Awesome, thanks!

For #10 I don’t understand why “b” could not be an option as well?

There are a few ways to do this, and every firm is different. Some allocate a certain number of hours/week for training or non-project work, some try to keep meetings short, or allow employees to bill meeting time to clients…just depends on the firm. I think it all comes down to management and efficiency of the firm/project


is the test going to intentionally give us information to confuse us. There are so many different financial formulas and I’m mixing them all up

i see this question alot: to reduce the overhead rate, the recommendation could be to move offices. however, the cost of moving is also quite high. what do you think?

A ‘good’ utilization rate is 85-90%, a ‘bad’ utilization rate might be something under 50%. Unless that person is working on a specific non-client project for the firm, this might mean the employee isn’t working on projects more than 50% of the time.


Thanks guys!!

I think that could work, but it’s like many other things; you need to weigh the initial cost of moving with the long-term effect of lower rent. Eventually the costs will even out, but which is more important?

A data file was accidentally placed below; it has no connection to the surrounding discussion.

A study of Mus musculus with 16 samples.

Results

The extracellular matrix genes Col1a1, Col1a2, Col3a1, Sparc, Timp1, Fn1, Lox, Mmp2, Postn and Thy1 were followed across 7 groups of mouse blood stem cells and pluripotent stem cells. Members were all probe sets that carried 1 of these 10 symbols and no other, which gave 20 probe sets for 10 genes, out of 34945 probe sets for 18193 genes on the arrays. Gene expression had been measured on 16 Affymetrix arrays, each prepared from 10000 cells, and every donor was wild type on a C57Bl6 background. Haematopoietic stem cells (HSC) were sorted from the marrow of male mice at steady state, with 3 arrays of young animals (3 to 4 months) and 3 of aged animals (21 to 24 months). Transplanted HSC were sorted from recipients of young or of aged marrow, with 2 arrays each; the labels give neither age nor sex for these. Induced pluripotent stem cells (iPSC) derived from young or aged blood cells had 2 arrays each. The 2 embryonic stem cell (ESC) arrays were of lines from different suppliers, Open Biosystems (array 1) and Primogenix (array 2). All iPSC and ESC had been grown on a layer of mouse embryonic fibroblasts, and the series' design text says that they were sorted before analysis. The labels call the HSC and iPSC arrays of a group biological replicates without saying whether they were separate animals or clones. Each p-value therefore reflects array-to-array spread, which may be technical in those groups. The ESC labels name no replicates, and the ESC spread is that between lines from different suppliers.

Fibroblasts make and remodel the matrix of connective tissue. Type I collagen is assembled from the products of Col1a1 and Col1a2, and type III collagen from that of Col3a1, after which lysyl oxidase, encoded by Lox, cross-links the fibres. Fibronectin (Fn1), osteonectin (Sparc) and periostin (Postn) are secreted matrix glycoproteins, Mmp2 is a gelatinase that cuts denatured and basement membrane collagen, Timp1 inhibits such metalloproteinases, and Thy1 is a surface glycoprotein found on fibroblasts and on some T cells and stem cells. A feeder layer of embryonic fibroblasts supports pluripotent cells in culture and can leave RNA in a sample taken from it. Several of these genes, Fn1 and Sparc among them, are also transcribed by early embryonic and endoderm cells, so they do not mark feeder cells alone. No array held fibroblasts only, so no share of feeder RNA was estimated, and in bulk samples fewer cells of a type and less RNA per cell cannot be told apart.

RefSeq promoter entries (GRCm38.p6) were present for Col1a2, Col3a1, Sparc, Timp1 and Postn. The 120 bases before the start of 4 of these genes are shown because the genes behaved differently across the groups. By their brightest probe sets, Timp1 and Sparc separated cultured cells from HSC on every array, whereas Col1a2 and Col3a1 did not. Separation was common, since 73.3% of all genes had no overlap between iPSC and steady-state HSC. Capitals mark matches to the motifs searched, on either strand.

I never win anything YAY!!!


I wouldn’t say ‘intentionally’, but there are a lot of different formulas and those can get tricky. Keep practicing and quizzing yourself on when to use which equation.

Thanks Paul & Marc for being here! and to everyone! have fun with the studies!


Congrats! We’ll be in touch shortly! Have a great weekend & good luck on your exam on Monday!

@MargaretYK; I think the reason ‘b’ is incorrect is because of the phrasing. The words ‘too much’ give me a red flag, because we don’t know what ‘too much’ means. A is the better answer because we know rent is factored into the overhead rate, and that’s something that would directly affect an increased rate.